Peanut OIT Standardization Clinic

The Division of Allergy and Immunology has a specialized Peanut Oral Immunotherapy (OIT) Standardization Clinic for standardizing peanut OIT protocols for patients with a food allergy to peanuts. A diagnosis of food allergy is determined by your child’s history of allergy symptoms, diagnostic tests and a discussion with your child’s allergist.

The Peanut OIT Standardization Clinic is coordinated by Amal H. Assa’ad, MD, a certified pediatric allergist / immunologist and Associate Director and Director of Clinical Services of Cincinnati Children’s Division of Allergy and Immunology.

The main Peanut OIT Standardization Clinic is on the Burnet Campus in Location C (Outpatient Services Building) on the fifth floor in Treatment Center 9. An initial consultation during Allergy Clinic hours will need to be scheduled to determine whether your child is a candidate for Peanut OIT Standardization Clinic. OIT for food allergens is also conducted through the Allergy Clinic. 

For this initial consultation appointment in the Allergy Clinic, call 513-636-2601. 

What is Oral Immunotherapy? (OIT)

Oral immunotherapy (OIT) is a process of building up a tolerance to a food you are allergic to. Learn how oral immunotherapy works and how to do a daily dose of OIT.

Operating Hours at the Burnet Campus

Operating hours of the Peanut OIT Standardization Clinic at Burnet Campus are every Friday afternoon except for the fifth Friday of the month. Once your child is determined to be a candidate for Peanut OIT Standardization Clinic, your Cincinnati Children’s allergy care provider will place a referral to the OIT program. Once a referral is placed, the Food Allergy Program coordinator or an Allergy / Immunology nurse will contact you with the next steps for scheduling your child for Peanut OIT Standardization Clinic appointments.

Neighborhood Locations

Peanut OIT Standardization Clinic is also offered at the Liberty Campus every Monday morning and afternoon on LA1W.

Oral Immunotherapy

Oral immunotherapy (OIT) is a process of building up tolerance to a food your child is allergic to. The goal of OIT is to decrease your child’s sensitivity to the food allergen. By slowly introducing the food allergen, it may lower the risk of life-threatening allergic reactions. The process is also known as desensitization. 

The first step in this process is to find a safe starting amount of the food for your child. During your clinic visit, the doctor will identify the right dose your child can tolerate without having allergy symptoms. Your child will then take this small amount of the food every day at home. The dose slowly increases at clinic visits. Your child will get a slightly larger amount of the food at each clinic visit, and you will give the new dose each day at home until your doctor gives you other instructions.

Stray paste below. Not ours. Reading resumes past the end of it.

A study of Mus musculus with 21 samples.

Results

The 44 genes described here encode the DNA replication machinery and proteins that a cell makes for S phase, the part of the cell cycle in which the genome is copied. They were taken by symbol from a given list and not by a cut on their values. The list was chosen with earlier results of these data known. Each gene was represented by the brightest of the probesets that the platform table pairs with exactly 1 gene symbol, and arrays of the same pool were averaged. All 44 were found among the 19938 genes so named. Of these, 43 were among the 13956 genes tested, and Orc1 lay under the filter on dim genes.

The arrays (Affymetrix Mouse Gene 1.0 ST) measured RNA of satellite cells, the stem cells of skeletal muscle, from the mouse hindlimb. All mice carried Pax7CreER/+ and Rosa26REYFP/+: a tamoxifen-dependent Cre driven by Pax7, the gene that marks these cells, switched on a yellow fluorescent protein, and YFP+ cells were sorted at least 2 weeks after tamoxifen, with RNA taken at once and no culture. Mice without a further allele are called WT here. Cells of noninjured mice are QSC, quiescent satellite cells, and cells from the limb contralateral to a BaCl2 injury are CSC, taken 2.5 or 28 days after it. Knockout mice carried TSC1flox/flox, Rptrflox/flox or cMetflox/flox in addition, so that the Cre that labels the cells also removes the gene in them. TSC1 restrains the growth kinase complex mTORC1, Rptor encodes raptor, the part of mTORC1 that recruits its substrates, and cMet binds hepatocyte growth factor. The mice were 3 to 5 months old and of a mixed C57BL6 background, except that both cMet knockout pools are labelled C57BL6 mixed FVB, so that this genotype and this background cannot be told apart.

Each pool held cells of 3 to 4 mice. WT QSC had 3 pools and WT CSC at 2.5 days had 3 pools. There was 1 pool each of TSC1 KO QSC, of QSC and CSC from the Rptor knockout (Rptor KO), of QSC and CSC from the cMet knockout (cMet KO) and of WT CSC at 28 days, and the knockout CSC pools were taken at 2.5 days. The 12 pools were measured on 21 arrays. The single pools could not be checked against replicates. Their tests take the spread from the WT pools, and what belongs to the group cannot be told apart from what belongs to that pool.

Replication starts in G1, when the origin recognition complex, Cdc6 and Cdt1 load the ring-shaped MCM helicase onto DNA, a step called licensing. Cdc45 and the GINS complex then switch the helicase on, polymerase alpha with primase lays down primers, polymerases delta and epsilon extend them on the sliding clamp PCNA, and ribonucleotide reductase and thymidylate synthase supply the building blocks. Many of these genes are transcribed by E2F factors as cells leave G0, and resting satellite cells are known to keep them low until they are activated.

Your child is a good candidate for OIT if: 

  • We can find a safe starting dose of the food allergen for your child
  • They can cooperate with eating the food every day
  • You are willing to make sure your child gets their dose of the food allergen every day;
  • You can come for clinic visits every 2 to 4 weeks for roughly 6 months or longer, depending on how the process goes with your child 

Successful Peanut Oral Immunotherapy Provides Family with Peace of Mind

Tyler Saxton.

Tyler struggled with food allergies his entire life. But after successful peanut oral immunotherapy (OIT) he is now “desensitized” to peanuts, hasn’t had an allergic reaction and is back to enjoying life — and the occasional chocolate bar.

Read the blog post.

Food Allergy Program

The Food Allergy Program is led by Dr. Amal Assa’ad, Director of Clinical Services, Division of Allergy and Immunology. The goal of the Food Allergy Program is to improve the lives of patients with food allergies and their family members by providing expert care, innovative treatments and cutting-edge research.


In 2015, findings from a landmark NIAID-funded clinical trial called the Learning Early About Peanut (LEAP) study showed that introducing peanut-containing foods to infants at high risk for developing peanut allergy was safe and led to an 81% relative reduction in the subsequent development of peanut allergy. Due to the strength of these results, NIAID established a coordinating committee that convened an expert panel to update the 2010 Guidelines to specifically address the prevention of peanut allergy. Amal H. Assa'ad, MD and Carina Venter, PhD, RD, contributed to the Addendum Guidelines for the Prevention of Peanut Allergy in the United States that were published in January 2017.